Half blind dovetail problems D4R Pro 24 inch jig

Hello,
I am trying to rout some half blind dovetails and am having problems routin g the pins.
Drawer sides (tails) are poplar. 1/2 inch thick. Drawer face is hard maple (pins) 3/4 inch thick. Bit depth is 7/16 inch.
I have 3 problems.
No matter how hard I clamp down on the pin board (top clamp). the torque fr om the router bit cutting through the end grain causes the board to rotate slightly screwing up the pin alignment. The pin board is about 8 inches wi de but I have a board of equal thickness clamped at the other end of the j ig to ensure even and correct clamp pressure. Light passes make no differen ce.
If I am lucky enough to get a cut that does not rotate while cutting the p ins,I see a second issue where the depth of the cut pin (from the side of t he board into the board not the actual bit depth) is LESS on the right side than on the left. I hope I am making sense here. I do not mean the router bit depth but the depth one routs the pins into the pin board so the tail b oard fits flush.
The pin boards are confirmed flat and the corners are at 90 degrees. Confir med with a engineer grade straight edge and square. The guide settings are for the tail board thickness (1/2 inch)
Finally, even if I can get past these 2 issues there is a fitting problem w ith the joints. At the left end of the joint the fit is good but at the rig ht end of the joint there is a 1/32 inch gap between the pin and tail board s.
The "left end of the joint“ is the side of the pin board that butts agai nst the end of the jig on the left side as one faces it.
I have destroyed some really nice wood and wasted days trying to figure out the cause. My frustration is at a point where I am coming to believe the p urchase of this jig was an expensive mistake.
If anyone has any ideas as to what could be causing these problems I would greatly appreciate any insight.
Dean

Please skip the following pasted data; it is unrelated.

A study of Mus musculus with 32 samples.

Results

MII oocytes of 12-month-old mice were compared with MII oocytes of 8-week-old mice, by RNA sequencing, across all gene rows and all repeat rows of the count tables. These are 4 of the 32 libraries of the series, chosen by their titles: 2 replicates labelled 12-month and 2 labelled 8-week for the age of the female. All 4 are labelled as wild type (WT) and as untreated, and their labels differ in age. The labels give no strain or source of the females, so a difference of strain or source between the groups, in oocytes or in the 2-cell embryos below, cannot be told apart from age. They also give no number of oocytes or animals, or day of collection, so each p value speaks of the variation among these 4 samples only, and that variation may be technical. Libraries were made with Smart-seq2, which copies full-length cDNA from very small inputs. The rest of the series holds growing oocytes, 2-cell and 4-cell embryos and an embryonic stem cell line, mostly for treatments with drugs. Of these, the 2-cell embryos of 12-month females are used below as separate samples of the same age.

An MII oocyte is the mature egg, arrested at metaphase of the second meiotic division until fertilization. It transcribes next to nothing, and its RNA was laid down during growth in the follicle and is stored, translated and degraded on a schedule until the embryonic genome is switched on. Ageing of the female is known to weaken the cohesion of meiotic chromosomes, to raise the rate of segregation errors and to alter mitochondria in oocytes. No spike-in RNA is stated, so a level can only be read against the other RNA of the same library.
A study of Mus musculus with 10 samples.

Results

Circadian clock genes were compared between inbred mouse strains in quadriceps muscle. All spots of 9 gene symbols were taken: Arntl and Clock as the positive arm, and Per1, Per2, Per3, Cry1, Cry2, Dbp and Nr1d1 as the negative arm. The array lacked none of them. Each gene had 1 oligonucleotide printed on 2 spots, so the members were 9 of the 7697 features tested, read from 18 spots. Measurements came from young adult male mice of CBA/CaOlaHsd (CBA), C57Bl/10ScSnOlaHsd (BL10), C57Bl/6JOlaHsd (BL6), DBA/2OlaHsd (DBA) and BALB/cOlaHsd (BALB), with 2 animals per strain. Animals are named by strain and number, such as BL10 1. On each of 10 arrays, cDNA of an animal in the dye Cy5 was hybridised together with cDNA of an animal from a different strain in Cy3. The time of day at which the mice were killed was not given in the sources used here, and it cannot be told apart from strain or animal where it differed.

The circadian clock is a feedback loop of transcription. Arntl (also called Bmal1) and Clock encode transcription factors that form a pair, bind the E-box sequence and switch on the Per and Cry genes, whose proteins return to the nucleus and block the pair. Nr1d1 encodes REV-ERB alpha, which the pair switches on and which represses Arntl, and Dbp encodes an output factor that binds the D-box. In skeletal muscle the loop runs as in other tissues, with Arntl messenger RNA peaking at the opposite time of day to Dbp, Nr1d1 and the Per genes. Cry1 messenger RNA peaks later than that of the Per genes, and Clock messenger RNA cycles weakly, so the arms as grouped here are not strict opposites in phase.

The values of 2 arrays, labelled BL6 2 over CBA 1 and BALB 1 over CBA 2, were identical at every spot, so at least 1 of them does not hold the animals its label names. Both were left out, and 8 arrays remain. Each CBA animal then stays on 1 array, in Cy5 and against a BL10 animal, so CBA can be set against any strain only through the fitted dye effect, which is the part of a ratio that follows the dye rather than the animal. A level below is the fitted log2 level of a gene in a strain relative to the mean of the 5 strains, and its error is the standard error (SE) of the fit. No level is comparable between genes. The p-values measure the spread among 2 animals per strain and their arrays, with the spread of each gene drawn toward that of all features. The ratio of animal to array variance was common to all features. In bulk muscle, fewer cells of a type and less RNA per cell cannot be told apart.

wider boards need more pressure but you can try adding some PSA sand paper to the clamping bar to help prevent twist. FWIW I have an older D4 but do not use a board on the opposite end to even out the pressure, I want the clamp to really clamp down.

Be ABSOLUTELY certain that the finger template is resting flat against the work!
1. The template is not flat against the work the entire width. Be certain debris is not getting between the template and the work. 2. The work is slipping on one end, see above suggestion. 3. You have a bit that is slipping. 4. Be certain that the template is parallel to the jig, make sure it is not adjusted further in on one side.

Becertain that the adjustable fingers are "tight" and not slipping.

My gut feeling is that your work is not being clamped tightly enough and is probably causing most of these problems.
Call Leigh and maybe supply pictures if the wood in the jig and the results.

And just to add more to you woes.. ;~) Half blind dove tails are the hardest to get right. With ideal conditions the bit depth has to be set to it's sweet spot, regardless of what the book says.
Different woods will require different depth settings as softer woods tend to have looser fitting joints and harder woods tend to have tighter fitting woods.
The fact that you are mixing a relatively hard wood and relative soft wood may be a lot of your problem concerning fit.
Bit depth is crucial to a proper fit joint and that depth is the same for both cuts IIRC. Just remember if the fit is too tight you need to raise the bit a tough. Too loose, lower the bit a touch. And remember if the finger jig is not flat against the work this will change the depth of the cut.
I would suggest practicing on an inexpensive wood to understand how adjustments will affect fit and then move on to the more expensive woods.

ing the pins.

What type of router are you using? All of these types of jigs require a sup er light hand and for the router to really remain flat and flow smoothly. O nce you have any clamping and alignment issue resolved you still need a rea lly light hand. I have found that the lighter (smaller HP) router you can u se the easier it is to just have that sucker move smoothly. Move as slow as possible.
Just to make you not feel so bad, I was able to get a Powermatic dedicated dovetailer and I have found many of these same issues where you really need to learn all the nuance, tweak the settings and be sure the clamping is wo rking well and use a smooth run technique. Luckily I wasted mostly Baltic B irch but did cut parts for 4 extra drawers when I did a run of 6 with solid Maple sides, backs and Cherry fronts and I needed all of them once I was d one. Maybe we should all get a hand saw, sharpen our pencils and chisels an d do it like Noah would have.